Border controversy not up for discussion but President Ali willing to engage Maduro on shared issues


Guyana will not engage Venezuela on the border controversy that is squarely before the International Court of Justice (ICJ) but President Dr. Irfaan Ali says he remains open to discussing shared issues with his Venezuelan counterpart, Nicolás Maduro.

President Ali says his openness to engaging Mr. Maduro is grounded in maturity and responsibility.

“As a good neighbour, understanding that we live in the same regions and share the same space, understanding that there are important issues that must be addressed together, I have always said that I am prepared to meet on this matter and address those issues as all good neighbours do,” President Ali told reporters at a press conference on Saturday.

The Head of State made it clear that the border controversy, which is before the ICJ, cannot be part of any talks between himself and Mr. Maduro.

“We have chosen the ICJ as the place where the controversy from Venezuela must be settled.

Members of the press and other officials at a press conference hosted by President Dr Irfaan Ali (Photo: Office of the President/November 18, 2023)

“The matter is properly before the court so it is not up for negotiations and discussions,” he said.

Bilateral talks, in the past, have failed to bring a resolution to the Guyana/ Venezuela controversy.

After decades of negotiations failed to bring a resolution to the border controversy, the United Nations Secretary-General referred the controversy to the World Court and Guyana filed its case in March 2018 to obtain a full and final settlement.

The provision for the UN Secretary-General to determine the means to permanently settle the border controversy is provided for in the Geneva Agreement. This agreement was signed by then Prime Minister of Guyana Forbes Burnham and Venezuela’s Minister of Foreign Affairs Ignacio Borges in 1966 shortly after Venezuela first raised an objection to the 1899 arbitral award that settled the boundaries of Guyana.

Because of that, the controversy was referred to the ICJ.

Venezuela accepted that award and participated in the marking of the boundary line, accepting Guyana’s land area as legal, doing so for six decades until it raised an objection to the arbitral award on the eve of Guyana’s independence from Great Britain.

1 Comment
  1. Stephen Monohar Kangal says

    When the British administered British Guiana up to 1962 the Venezuelans did not raise any objections to the 1899 Award coward as they were because they could not intimidate the British with their superior armed forces but did so as Guyana was on the brink of attaining independence from Britain.
    At present Venezuela is using the threat of invasion and annexation of the Essequibo with the use of force as enshrined in their five questions to be considered by the Referendum for four reasons:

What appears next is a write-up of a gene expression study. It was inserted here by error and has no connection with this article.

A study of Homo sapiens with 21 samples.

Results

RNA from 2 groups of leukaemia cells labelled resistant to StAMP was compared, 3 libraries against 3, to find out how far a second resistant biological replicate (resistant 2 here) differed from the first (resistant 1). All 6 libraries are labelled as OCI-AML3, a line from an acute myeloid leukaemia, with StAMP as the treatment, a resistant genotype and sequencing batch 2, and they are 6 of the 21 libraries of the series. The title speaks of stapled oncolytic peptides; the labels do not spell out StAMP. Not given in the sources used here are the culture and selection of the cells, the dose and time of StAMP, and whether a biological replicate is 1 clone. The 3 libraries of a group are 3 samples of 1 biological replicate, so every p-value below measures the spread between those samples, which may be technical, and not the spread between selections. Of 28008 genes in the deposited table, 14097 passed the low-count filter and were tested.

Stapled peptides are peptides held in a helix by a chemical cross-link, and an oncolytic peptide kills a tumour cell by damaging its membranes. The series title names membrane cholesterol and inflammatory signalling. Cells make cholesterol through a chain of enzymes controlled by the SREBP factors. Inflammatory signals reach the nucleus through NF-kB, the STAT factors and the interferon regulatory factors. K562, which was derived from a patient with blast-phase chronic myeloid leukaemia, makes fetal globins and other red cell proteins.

1 To scuttle the ICJ proceedings by taking ownership control of the Essequibo;
    2. To intimidate and force Guyana to abandon the ICJ process and resume diplomatic talks that Venezuela can control and force a settlement on the Guyanese by coercive means;
    3. To make a tactical pre-emptive strike to acquire the Essequibo Region before Guyana can use its new rapidly increasing wealth to arm itself adequately and /or conclude military alliances and arrangements with friendly states to come to its aid to repel a Venezuelan assault;
    4. To generate political and investment uncertainty with a threat of invasion to decelerate the investment climate and reduce investment inflows as well as endanger the integrity of the current off-shore oil producing infrastructure and installations that may be favourable to Russia but repugnant to the Southern Command.

    Guyana has made it pellucidly clear with its policy that it will not resume diplomatic bilateral talks because the matter is completely under the exclusive adjudicative jurisdiction and deliberations at the ICJ after failure to reach an amicable settlement after 27 years of dialogue. This is a most reasonable position to assume because I cannot foresee on what unforeseen legal grounds the ICJ can make and render the 1899 Treaty invalid and proceed to change or alter the 1899 boundary.
    “…4. Supports the Government in its pursuit to ensure a peaceful and lawful resolution of the controversy before the International Court of Justice and rejects the proposal to return to any form of dialogue with Venezuela on the controversy outside of the process before the Court;…” Operative paragraph 4 of the Assembly Resolution.
    Venezuela is playing zero sum games to bolster Maduro’s 2024 Elections prospects and holding a whole country of Guyana to ransom and creating fears of a full scale invasion followed by annexation unless it can be taught a lesson by the Americans and Brazilians.